As part of the Latin America’s 1968 Colloquium series, CLACS and NYU’s Department of Spanish and Portuguese are proud to present a conversation with Brazilian Tropicalia icon Tom Zé, and Christopher Dunn (Tulane University) author of Brutality Garden: Tropicália and the Emergence of a Brazilian Counterculture.
This event is free and open to the public. RSVP IS required, and seating limited.
About the speakers:
Legendary musical artist Tom Zé formed part of Brazil’s Tropicália, a brief but powerful cultural movement that emerged in 1968, which also involved musicians Caetano Veloso and Gilberto Gil, vocalist Gal Costa, poets Torquato Neto and José Carlos Capinan, and vanguard rock band Os Mutantes. Zé’s music of the period is noted for its juxtaposition of avant-garde poetics and popular music, as well as its trenchant critique of consumer society.
If the year 1968 had watershed significance across the globe, in Brazil it was shaped by the right-wing military regime that had seized power in 1964 and the broad coalition of artists, intellectuals, students, and workers who opposed it; the year ended with the imposition of the draconian AI-5 decree, which outlawed political opposition, closed congress, suspended habeas corpus, and imposed stringent censorship. In this context, the artists and intellectuals associated with Tropicalia—including Tom Zé—began to question the earlier failed political projects of the Left, and proposed ironic, critical and simultaneously celebratory invocations of Brazilian culture and politics. Zé recorded his first solo album in 1968, “Tom Zé - Grande Liquidação.”
Tom Zé launched his career with Tropicália but fell from public view as he continued to develop more experimental pop music. In the 1990s, he regained visibility with the international release of a compilation of his work from the 1970s and two innovative albums featuring new material. He continues to perform, and lives and works in São Paulo.*
At NYU, Tom Zé will be in conversation with professor Christopher Dunn of Tulane University, author of Contracultura: Alternative Arts and Social Transformation in Authoritarian Brazil. (University of North Carolina Press, 2016), and Brutality Garden: Tropicália and the Emergence of a Brazilian Counterculture (University of North Carolina Press, 2001).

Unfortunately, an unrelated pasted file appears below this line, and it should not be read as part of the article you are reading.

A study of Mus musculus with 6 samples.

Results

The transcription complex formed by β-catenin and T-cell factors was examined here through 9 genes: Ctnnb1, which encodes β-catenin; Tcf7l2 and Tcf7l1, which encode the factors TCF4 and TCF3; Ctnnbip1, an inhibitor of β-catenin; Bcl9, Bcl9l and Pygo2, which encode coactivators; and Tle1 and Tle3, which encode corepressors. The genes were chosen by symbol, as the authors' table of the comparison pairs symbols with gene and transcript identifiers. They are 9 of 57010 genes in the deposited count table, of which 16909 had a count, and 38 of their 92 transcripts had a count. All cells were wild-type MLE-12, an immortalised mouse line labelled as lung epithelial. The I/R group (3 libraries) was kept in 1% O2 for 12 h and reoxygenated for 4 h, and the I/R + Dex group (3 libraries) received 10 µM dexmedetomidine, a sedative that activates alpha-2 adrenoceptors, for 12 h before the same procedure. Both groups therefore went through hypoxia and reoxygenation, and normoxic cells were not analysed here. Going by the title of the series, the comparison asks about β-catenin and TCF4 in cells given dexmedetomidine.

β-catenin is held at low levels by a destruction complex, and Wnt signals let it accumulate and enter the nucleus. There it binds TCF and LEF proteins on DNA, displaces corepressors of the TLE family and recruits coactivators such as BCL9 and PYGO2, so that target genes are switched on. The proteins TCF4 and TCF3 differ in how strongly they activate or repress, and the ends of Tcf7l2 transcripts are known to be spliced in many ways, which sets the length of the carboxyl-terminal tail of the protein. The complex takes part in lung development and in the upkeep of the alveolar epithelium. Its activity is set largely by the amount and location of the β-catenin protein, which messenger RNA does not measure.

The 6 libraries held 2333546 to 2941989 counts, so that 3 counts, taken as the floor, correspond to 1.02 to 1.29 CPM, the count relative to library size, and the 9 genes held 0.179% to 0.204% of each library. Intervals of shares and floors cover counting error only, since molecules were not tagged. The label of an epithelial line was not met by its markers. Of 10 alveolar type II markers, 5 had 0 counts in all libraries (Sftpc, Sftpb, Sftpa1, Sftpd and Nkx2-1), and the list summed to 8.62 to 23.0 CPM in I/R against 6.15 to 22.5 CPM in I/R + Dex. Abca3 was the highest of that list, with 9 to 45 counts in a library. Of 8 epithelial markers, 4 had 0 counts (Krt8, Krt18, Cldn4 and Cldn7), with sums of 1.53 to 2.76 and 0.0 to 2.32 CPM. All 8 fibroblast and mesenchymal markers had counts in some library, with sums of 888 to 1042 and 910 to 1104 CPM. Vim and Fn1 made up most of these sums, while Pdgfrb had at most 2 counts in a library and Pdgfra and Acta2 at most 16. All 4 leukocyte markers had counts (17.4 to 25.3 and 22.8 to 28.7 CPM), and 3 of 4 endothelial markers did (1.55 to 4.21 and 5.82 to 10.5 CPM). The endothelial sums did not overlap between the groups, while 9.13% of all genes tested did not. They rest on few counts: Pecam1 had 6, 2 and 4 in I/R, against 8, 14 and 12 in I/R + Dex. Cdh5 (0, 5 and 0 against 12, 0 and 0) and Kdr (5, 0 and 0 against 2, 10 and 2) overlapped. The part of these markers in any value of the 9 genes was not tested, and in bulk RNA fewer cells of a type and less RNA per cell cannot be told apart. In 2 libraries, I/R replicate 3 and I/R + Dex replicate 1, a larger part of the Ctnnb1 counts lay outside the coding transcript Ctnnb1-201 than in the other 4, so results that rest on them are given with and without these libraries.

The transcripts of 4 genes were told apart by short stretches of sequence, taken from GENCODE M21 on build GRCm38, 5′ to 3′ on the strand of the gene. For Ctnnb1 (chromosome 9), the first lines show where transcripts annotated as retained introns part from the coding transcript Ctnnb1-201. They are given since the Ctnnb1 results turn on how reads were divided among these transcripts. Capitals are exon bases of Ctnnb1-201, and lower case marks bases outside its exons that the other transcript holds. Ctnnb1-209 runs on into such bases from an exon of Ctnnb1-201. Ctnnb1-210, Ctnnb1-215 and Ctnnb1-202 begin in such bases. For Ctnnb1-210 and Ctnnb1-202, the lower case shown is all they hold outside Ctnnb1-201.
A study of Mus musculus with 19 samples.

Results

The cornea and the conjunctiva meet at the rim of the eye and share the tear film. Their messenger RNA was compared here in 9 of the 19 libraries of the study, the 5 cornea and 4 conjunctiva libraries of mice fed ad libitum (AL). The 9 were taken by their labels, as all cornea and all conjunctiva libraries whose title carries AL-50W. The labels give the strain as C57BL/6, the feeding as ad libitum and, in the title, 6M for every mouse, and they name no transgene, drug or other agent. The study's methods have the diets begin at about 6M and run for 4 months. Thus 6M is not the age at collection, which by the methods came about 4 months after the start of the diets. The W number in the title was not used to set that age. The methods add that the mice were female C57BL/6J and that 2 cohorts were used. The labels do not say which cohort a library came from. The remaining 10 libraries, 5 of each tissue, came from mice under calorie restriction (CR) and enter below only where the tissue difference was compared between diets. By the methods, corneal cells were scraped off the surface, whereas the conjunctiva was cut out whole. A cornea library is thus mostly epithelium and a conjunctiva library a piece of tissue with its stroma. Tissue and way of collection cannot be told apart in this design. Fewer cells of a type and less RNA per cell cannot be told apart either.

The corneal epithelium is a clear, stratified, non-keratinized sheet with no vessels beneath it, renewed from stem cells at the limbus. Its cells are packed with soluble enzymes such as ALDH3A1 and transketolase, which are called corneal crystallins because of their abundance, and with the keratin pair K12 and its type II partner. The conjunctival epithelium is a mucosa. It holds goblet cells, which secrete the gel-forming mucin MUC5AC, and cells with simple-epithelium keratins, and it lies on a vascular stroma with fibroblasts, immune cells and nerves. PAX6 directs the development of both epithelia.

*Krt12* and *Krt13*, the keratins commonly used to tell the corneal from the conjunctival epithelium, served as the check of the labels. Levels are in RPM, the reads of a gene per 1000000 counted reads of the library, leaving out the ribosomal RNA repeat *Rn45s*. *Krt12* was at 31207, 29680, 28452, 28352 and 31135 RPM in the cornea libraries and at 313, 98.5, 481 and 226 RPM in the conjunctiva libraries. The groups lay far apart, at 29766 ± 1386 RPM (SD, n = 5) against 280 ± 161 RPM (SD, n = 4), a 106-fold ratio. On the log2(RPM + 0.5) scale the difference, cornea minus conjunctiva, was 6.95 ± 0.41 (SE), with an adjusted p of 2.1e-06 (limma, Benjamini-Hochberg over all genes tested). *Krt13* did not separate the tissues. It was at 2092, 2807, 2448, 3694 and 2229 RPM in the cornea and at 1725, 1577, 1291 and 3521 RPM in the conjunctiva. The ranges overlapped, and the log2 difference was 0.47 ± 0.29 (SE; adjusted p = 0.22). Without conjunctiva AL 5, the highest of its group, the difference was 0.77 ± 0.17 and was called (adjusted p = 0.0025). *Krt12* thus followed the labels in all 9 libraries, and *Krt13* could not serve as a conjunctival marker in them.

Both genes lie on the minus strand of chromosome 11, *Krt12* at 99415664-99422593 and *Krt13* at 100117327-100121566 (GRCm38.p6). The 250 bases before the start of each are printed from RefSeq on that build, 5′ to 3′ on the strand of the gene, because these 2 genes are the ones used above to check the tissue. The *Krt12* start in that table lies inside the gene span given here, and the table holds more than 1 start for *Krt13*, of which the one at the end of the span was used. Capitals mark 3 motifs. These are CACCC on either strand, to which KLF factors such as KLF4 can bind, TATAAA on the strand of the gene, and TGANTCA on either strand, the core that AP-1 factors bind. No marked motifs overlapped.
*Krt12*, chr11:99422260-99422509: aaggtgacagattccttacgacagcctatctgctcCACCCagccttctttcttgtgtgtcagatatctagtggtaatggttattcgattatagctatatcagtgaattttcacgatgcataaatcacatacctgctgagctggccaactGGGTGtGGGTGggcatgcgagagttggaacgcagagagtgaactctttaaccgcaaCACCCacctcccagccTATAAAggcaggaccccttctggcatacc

*The foregoing is glossed from Christopher Dunn’s Brutality Garden: Tropicália and the Emergence of a Brazilian Counterculture (University of North Carolina Press, 2001.)
About the series:
Latin America’s 1968; Curated by Jill Lane & Dylon Robbins.
In Latin America, the year 1968 marked a turning point in the social, political, and cultural transformations that had been unfolding in the wide wake of the Cuban Revolution of 1959. For Latin America, as for the rest of the world, the sixties were shaped by geopolitics of the Cold War, and of anti-colonial struggles across the globe. Yet they are most remembered by those who lived them as a time when ordinary people felt, like never before and perhaps never after, that they could change the course of history: millions of youth in student movements, advocates for indigenous rights, workers, campesinos, educators, intellectuals, and artists, long with guerillas and other armed insurgents, were self-aware in world-historical projects of radical social, political, economic, and cultural change. In these years, the personal became the political, politics became theatrical, theatre became a weapon, and the lines between self, art, and politics were forever redrawn. We study the complex relations between revolution, counterculture, and authoritarian rule as they emerged in Latin America’s 1968: the emergence of Brazil’s Cinema Novo, Cuba’s imperfect cinema, and militant documentary across the region; the rise of rick and activist nueva cancion, and also of experimental aesthetics in music, theatre, art and performance – tropicalia, nova objetividade, media art, happenings; the apogee of student activism and the counterculture in Brazil, Mexico, and Argentina, as well as its most harsh repression through the end of the “dictablanda” or “soft dictatorship” in Brazil, the massacre of Tlatelolco in Mexico, and, in 1969, the repression of the “Cordobazo” in Argentina.